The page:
Well, I prefer to call it more of a manly sort of tearing up. But it's true. I cannot prevent it. At some point at a wedding, my eyes always fill up and overflow a bit. This past weekend was further proof.
On Friday in Ohio, our friends' daughter had a lovely outdoor wedding. The gathering was joyous and jovial, and I was not thinking I would cry. But as our other friends' sweet little daughters came down the aisle as flower girls dropping the petals, my vision became blurry.
Then on Saturday in Indiana, I was at another outdoor wedding of other friends' son. He stood up front as the bridal party came down the aisle. The groomsmen - all childhood friends of his including my son - came down the aisle escorting the bridesmaids. As the first couple came toward him, the groom began to weep in the joy of the moment, and kept on wiping his eyes as each couple processed. So did I.
Perhaps this phenomenon originated at my own wedding nearly thirty-six years ago. As I stood there at the front of the church, they opened the doors to the back of the sanctuary. Standing there, with a beautiful stained glass window illuminated by the afternoon sun behind her, was Miriam. Even as I write these words, I start doing now what I did then. I cried. I wept through my whole wedding. Miriam giggled at me when I could hardly say my vows through my blubbering. The picture of us walking down the aisle for the recessional shows Miriam beaming with joy and me with my head bowed having just wiped my eyes. Woman is the glory of man as the apostle said. On that day I was struck by this undeserved glory. Every wedding is a reminder. So is every day when I am thinking straight.
This coming Saturday will be tough because there is yet another wedding. This day is even more personal than last weekend, for I am officiating at my youngest son's wedding. Like me, Spencer is marrying up. His bride's father is Dr. Lane Tipton, who certainly could have done the wedding. Yet he said no because he knows he would cry, especially as he gives his oldest daughter away. I would question his manliness if I could, but since I cannot I take comfort in at least knowing that I am in good company. Having given two of my own daughters away, he is right. They would not let me do their weddings, for my girls knew Dad would cry.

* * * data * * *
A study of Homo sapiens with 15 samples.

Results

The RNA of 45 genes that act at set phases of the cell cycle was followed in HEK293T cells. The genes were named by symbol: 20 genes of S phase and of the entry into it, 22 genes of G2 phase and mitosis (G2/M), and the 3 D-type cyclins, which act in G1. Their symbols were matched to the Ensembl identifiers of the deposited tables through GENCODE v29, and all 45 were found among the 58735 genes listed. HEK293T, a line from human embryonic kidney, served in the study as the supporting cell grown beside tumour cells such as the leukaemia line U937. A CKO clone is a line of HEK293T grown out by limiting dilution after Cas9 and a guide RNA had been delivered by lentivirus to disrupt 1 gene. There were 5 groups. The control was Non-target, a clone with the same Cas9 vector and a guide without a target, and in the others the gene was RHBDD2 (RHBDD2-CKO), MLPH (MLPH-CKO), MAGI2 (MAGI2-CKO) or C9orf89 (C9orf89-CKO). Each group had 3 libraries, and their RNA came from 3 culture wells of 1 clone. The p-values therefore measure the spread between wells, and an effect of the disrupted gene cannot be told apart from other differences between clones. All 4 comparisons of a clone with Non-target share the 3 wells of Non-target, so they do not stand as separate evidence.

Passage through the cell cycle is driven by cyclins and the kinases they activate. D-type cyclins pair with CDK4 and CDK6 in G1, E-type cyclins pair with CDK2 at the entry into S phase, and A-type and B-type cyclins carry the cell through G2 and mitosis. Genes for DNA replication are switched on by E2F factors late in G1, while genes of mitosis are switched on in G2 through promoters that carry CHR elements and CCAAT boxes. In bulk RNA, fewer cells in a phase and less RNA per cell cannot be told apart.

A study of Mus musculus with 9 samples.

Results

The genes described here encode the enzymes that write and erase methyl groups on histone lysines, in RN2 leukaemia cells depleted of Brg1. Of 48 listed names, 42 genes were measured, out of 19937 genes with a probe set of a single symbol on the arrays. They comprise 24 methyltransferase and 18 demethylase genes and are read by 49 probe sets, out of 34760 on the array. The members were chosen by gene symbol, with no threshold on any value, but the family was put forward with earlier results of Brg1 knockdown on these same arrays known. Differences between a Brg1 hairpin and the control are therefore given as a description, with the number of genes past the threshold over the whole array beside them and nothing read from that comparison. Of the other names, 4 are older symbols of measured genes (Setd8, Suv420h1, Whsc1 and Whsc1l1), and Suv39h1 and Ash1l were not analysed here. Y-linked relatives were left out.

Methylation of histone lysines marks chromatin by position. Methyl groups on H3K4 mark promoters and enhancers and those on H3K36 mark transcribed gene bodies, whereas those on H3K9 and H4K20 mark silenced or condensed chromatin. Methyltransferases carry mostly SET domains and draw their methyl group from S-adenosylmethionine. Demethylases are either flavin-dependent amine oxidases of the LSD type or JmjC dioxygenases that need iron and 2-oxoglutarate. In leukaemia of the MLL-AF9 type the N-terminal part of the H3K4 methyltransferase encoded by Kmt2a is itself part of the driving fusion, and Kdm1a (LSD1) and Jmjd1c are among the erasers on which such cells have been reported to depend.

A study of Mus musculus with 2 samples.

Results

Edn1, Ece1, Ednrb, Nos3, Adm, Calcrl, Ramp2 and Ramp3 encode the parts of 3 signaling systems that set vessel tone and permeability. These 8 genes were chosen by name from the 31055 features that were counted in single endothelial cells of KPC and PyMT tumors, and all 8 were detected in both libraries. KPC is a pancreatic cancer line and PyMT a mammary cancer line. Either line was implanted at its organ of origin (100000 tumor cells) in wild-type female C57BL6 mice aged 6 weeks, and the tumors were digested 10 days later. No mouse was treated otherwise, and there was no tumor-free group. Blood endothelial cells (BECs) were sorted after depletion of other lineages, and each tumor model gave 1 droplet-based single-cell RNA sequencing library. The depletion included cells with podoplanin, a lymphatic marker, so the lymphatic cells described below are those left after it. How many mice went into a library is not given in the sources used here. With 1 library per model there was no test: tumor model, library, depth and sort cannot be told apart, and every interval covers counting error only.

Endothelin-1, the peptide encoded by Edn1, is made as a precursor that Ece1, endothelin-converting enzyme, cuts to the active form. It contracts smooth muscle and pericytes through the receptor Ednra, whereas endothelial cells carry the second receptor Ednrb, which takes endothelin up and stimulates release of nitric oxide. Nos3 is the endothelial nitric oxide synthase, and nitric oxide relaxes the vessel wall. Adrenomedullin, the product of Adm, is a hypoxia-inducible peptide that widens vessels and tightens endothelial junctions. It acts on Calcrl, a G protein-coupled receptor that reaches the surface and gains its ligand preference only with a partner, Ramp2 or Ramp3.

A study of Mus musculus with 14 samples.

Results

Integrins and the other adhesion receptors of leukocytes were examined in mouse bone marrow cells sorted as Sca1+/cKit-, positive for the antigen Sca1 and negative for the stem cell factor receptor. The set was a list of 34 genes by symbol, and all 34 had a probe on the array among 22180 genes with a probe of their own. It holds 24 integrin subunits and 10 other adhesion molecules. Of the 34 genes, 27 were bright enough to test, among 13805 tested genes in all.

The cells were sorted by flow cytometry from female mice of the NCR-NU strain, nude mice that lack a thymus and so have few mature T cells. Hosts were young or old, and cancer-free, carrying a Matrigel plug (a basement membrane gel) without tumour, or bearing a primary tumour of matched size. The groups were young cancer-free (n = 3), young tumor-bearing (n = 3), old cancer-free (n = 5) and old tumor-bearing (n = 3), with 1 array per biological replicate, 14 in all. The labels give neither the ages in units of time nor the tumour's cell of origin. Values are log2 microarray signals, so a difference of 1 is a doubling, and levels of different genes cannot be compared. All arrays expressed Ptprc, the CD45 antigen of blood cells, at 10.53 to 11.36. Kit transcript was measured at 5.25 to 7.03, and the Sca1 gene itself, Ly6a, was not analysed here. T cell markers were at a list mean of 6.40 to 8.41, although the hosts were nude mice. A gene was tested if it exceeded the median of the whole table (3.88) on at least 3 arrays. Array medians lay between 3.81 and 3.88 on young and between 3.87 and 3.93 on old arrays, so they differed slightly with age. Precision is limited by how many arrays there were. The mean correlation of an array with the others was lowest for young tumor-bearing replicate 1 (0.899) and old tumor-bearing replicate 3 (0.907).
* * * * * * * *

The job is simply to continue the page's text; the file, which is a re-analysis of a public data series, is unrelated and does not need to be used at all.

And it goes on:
At least I know there is one wedding coming that I will attend where I will not cry. For at the marriage supper of the Lamb we are given this promise: "He will wipe away every tear from their eyes, and death shall be no more, neither shall there be mourning, nor crying, nor pain anymore, for the former things have passed away” (Rev. 21:4). What an undeserved glory that will be!
So for now, I will still make sure I have tissues in my pocket on wedding days. And when I use them, I will comfort myself. For I know that, in the marvelous grace of God, one day at a wedding my Savior will be the One wiping my tears away.